Readers’ travel tips
Celtic jams, Americana, jazz and post-punk all get the joint jumping at our tipsters’ favourite pub venues from the Highlands down to Cornwall
Thu 28 Nov 2019 06.45 ESTLast modified on Thu 28 Nov 2019 06.47 EST
Winning tip: Greystones, Sheffield
The Backroom venue in the Greystones pub is such a small and intimate venue that the audience can converse with the musicians. Earlier this year we saw a Canadian folk duo Pharis and Romero who blew our socks off with their beautiful harmonies and banjo playing. We have also seen Wreckless Eric there and a singer-songwriter called Sarah Jarosz from Texas whose Americana and contemporary folk also blew us away. The added bonus is that Greystones is the flagship pub for a local brewery, Thornbridge, and so there is a wide range of delicious craft beers and ales to sup while enjoying the tunes.
Hare and Hounds, Birmingham
We were off to see the Bootleg Beatles. A number 50 bus from the city centre took us to the Hare and Hounds in trendy Kings Heath. On the wall is a plaque proclaiming that this was where UB40 played their first gig (9 February 1979). Downstairs a traditional, Victorian bar and a modern, minimalist bar serve craft beers and good choice of Purity IPAs. The atmosphere was friendly with an eclectic mix of punters, some there for the gig, others just to drink and chat. The music was in an upstairs room with another bar. The atmosphere was buzzing and the band superb. Gig tickets from about £7 – a small price to keep music live.
This tiny venue with a superb atmosphere is where excellent local indie band the Orielles launched their debut album, Silver Dollar Moment, in 2018. My personal highlight was seeing post-punk Manchester band the Blue Orchids with the brilliant Martin Bramah (ex-the Fall). Most gigs are free and you can listen to the likes of blues rocker Tom Hingley, indie covers band Zenit and others a matter of inches away, while supping on a pint of Chinook or a gentleman jack cocktail.
Claghaig Inn, Glencoe, Highlands
This wonderful pub is my favourite for live music. There’s a large selection of real ales and over 400 whiskies. The bands usually play Scottish folk music and the audience joins in with the best-known songs. Surrounded by mountains – the west face of Aonach Dubh looms over the pub – the place is unsurprisingly popular with walkers and climbers. There is hotel and self-catering accommodation, a campsite and youth hostel nearby. It’s my favourite pub in Scotland – once discovered, never forgotten.
Duke of Cumberland, Whitstable, Kent
When I moved to Whitstable I was so pleased to come across “Dukes”, which showcases original music in lovely surroundings. The Grade II-listed venue’s walls are covered in art by artist Chris How. The Sugar Hill Gang, Lee Scratch Perry, Roy Ayres and Sticky Fingers are just some of acts to have played here. Sunday afternoon gigs are always free, but the quality of the musicians never seems to drop. There is a lovely garden and restaurant, and the venue attracts some famous faces from the music world – I once bumped into Pink Floyd’s Nick Mason here.
Blue Peter Inn, Polperro, Cornwall
Last summer we stayed in Polperro for a month, kept there partly by the energising atmosphere of the music nights at the 16th-century Blue Peter Inn. Local singers belting out Cornish sea shanties and folk music, with the participation of the customers – often involving some friendly coercing – created an irresistible, feelgood vibe. Gigs – some planned, some impromptu, sparked the cosy pub into life, even spilling outside in front of the quay.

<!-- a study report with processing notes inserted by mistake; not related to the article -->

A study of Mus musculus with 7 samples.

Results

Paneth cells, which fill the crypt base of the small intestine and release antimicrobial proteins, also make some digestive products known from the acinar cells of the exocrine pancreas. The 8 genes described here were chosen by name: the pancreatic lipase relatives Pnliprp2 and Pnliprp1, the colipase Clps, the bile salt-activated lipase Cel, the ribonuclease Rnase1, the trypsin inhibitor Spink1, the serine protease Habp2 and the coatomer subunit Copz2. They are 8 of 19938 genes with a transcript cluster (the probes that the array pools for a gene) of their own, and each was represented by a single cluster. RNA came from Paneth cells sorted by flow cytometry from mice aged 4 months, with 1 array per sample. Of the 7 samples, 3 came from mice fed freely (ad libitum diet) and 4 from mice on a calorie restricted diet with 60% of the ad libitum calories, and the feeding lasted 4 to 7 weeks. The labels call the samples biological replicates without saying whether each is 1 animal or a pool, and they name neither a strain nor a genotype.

Just beyond the spires of Peterborough Cathedral, there’s an idyllic spot by the river alongside a bar on a moored Dutch barge named Charters. This venue has live bands throughout the year (outdoors in summer, on the barge now), with families, couples and hipsters young and old enjoying the music. The free gigs include covers bands and local bands such as Austin Gold blasting out their own infectious rhythms and tunes. The food is pretty decent too, with classic Thai and Indonesian dishes.
The Junction, south London
In a relatively unknown part of London, between Brixton and Camberwell, the Junction offers a wonderful array of live jazz, acoustic, latin and blues music every night of the week. During the jazz jams the musicians, always excellent, will usually be sitting in the pub among the crowd, only getting up for their turn, making it feel very spontaneous and friendly. The owners’ brilliantly eclectic jazz band plays on a Friday or you can pop down on other days to see musicians from across London. There is a lovely atmosphere, great tapas, board games on offer and it is dog-friendly. The pub is two minutes’ walk from Loughborough Junction station and there is no entry free.
Chums is a tiny, blink-and-you’ll-miss-it neighbourhood boozer bursting at the seams with character. The windows steam up, the locals stream in, and you can expect to have a thoroughly lovely evening. Couple this with Chums’ regular live folk, gypsy and bluegrass musicians and you’re onto a winner. Best of all is Ponchartrain – a gorgeously ramshackle seven-piece band playing Americana meets Hillbilly meets honky tonk meets blues. Chums, don’t ever change.
Every Monday at the Lismore, a folk band slowly assembles itself through the evening. You might start with a fiddle, an accordion and acoustic guitar – but by the end of the night a multitude of musicians will have assembled and be in full flow. It feels profoundly Scottish to be sipping a pint of Tennent’s lager at such a beautiful little local pub and listening to traditional music. The dark wood interior, many nooks and crannies and stained glass windows help create a traditional atmosphere but attract a really mixed crowd. As a bonus, each urinal is dedicated to one of the perpetrators of the Highland Clearances so the men, at least, can pee with pride.